Presentation Title

The Effect of Histology and Smoking on Treatment Outcomes of Urinary Bladder Cancer

Speaker Credentials

MPH

College

Dr. Kiran C. Patel College of Osteopathic Medicine, DO

Location

Signature Grand, Davie, Florida, USA

Format

Poster

Start Date

25-4-2008 12:00 AM

End Date

25-4-2008 12:00 AM

Abstract

Objective. The objective of this study was to compare the effects of histology and smoking on treatment outcomes of urinary bladder cancer. Background. Urinary bladder cancer is the fourth most common cancer in men and the eighth most common cancer in women. The two most frequent histological types are the urothelial and papillary carcinomas. Studies have shown that age, smoking (tobacco), and treatment types are risk factors for urinary bladder cancer. Methods. The study had 28,162 incident cases of patients with urinary bladder, between January 1st, 1994 and December 31st, 2002, based on the Florida Cancer Registry. The stratified Mantel-Haenszel method was used in this routine database that was similar to a cross-sectional study. The selection of cancer incident cases allowed for the use of relative risk (RR) as a measure of association between the vital status (dead or alive) and treatment type: surgery (SR) vs. surgery+chemotherapy+other adjuvant therapy (SR+CT+ADJ). Results. Histology was found to be a confounder. We also found that smoking was an effect modifier when controlling for histology. Patients who smoke and were diagnosed with urothelial carcinoma were 32% more likely to be at risk of dying than nonsmokers with the same histology. Among the patients treated with SR+CT+ADJ, 19% of the failures were attributed to smoking. Conclusions. Smoking greatly affects the treatment outcomes of urinary bladder cancer. SR+CT+AD is concluded as a more risky choice for treatment of patients with urothelial carcinoma who smoke compared to surgery alone. Grants and Acknowledgement. This study was funded in part through the HPD Research Grant for Florida Cancer Registry Analysis, 2004-2007. The views expressed herein are solely those of the authors and do not necessarily reflect those of FCDS, the contractor of FL-DOH.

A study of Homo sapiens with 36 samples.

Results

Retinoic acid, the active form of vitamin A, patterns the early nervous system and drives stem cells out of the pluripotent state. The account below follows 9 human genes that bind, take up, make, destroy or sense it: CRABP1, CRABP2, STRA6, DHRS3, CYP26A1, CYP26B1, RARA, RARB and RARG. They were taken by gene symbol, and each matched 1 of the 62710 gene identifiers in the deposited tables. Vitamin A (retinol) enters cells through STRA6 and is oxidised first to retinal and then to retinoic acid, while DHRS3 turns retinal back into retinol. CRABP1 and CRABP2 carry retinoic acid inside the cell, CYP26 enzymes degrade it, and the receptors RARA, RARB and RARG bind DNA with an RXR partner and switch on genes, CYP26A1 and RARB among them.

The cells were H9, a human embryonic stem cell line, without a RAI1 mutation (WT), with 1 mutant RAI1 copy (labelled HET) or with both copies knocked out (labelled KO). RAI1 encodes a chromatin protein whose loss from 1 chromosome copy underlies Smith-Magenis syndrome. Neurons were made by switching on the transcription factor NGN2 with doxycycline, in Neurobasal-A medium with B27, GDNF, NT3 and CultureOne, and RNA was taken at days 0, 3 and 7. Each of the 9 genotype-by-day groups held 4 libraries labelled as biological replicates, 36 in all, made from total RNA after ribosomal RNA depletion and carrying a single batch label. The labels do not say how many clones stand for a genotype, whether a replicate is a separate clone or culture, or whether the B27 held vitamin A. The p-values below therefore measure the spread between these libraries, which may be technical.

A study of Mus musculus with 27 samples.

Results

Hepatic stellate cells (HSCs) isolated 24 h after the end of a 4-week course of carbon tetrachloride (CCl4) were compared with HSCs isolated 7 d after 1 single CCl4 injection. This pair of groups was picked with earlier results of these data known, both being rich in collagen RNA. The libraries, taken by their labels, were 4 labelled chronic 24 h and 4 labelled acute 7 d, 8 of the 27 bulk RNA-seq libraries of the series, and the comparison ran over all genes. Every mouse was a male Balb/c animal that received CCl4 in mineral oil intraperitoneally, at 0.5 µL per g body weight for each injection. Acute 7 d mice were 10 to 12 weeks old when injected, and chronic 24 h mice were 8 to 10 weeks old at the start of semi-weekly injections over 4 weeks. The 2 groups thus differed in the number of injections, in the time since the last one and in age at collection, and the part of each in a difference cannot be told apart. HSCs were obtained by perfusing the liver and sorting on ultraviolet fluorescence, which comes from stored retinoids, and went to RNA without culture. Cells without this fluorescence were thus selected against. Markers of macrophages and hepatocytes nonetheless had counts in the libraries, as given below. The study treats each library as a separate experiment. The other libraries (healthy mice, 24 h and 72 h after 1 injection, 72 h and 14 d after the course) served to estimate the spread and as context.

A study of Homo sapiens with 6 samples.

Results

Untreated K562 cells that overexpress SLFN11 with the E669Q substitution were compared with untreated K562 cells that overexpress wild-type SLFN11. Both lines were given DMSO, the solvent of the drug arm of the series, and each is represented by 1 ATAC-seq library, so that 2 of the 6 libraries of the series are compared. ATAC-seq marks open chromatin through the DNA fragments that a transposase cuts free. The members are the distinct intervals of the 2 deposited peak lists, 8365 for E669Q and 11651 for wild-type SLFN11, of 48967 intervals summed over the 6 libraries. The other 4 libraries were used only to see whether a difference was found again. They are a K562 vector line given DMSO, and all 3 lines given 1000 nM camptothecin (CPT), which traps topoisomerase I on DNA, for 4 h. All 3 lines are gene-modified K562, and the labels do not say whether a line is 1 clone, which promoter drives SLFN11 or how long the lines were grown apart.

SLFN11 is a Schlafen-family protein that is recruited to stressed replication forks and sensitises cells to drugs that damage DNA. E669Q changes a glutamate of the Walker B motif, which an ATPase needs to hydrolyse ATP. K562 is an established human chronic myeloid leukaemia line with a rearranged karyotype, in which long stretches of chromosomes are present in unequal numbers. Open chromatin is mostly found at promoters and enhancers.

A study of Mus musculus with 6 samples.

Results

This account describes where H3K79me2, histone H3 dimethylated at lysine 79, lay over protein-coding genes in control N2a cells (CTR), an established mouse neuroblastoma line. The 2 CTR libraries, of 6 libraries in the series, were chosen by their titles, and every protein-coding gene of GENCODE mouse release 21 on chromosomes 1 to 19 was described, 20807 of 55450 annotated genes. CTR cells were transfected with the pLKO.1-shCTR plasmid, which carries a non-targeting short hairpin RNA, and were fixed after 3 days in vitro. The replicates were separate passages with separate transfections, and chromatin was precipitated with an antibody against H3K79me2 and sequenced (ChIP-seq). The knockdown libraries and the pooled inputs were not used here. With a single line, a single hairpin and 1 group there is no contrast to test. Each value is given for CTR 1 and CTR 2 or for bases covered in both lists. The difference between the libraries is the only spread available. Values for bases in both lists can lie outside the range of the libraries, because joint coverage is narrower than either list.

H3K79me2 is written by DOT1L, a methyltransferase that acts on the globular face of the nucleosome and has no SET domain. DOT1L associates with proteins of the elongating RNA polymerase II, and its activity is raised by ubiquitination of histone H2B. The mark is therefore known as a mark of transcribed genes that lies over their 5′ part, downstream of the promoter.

The Effect of Histology and Smoking on Treatment Outcomes of Urinary Bladder Cancer

Signature Grand, Davie, Florida, USA

Objective. The objective of this study was to compare the effects of histology and smoking on treatment outcomes of urinary bladder cancer. Background. Urinary bladder cancer is the fourth most common cancer in men and the eighth most common cancer in women. The two most frequent histological types are the urothelial and papillary carcinomas. Studies have shown that age, smoking (tobacco), and treatment types are risk factors for urinary bladder cancer. Methods. The study had 28,162 incident cases of patients with urinary bladder, between January 1st, 1994 and December 31st, 2002, based on the Florida Cancer Registry. The stratified Mantel-Haenszel method was used in this routine database that was similar to a cross-sectional study. The selection of cancer incident cases allowed for the use of relative risk (RR) as a measure of association between the vital status (dead or alive) and treatment type: surgery (SR) vs. surgery+chemotherapy+other adjuvant therapy (SR+CT+ADJ). Results. Histology was found to be a confounder. We also found that smoking was an effect modifier when controlling for histology. Patients who smoke and were diagnosed with urothelial carcinoma were 32% more likely to be at risk of dying than nonsmokers with the same histology. Among the patients treated with SR+CT+ADJ, 19% of the failures were attributed to smoking. Conclusions. Smoking greatly affects the treatment outcomes of urinary bladder cancer. SR+CT+AD is concluded as a more risky choice for treatment of patients with urothelial carcinoma who smoke compared to surgery alone. Grants and Acknowledgement. This study was funded in part through the HPD Research Grant for Florida Cancer Registry Analysis, 2004-2007. The views expressed herein are solely those of the authors and do not necessarily reflect those of FCDS, the contractor of FL-DOH.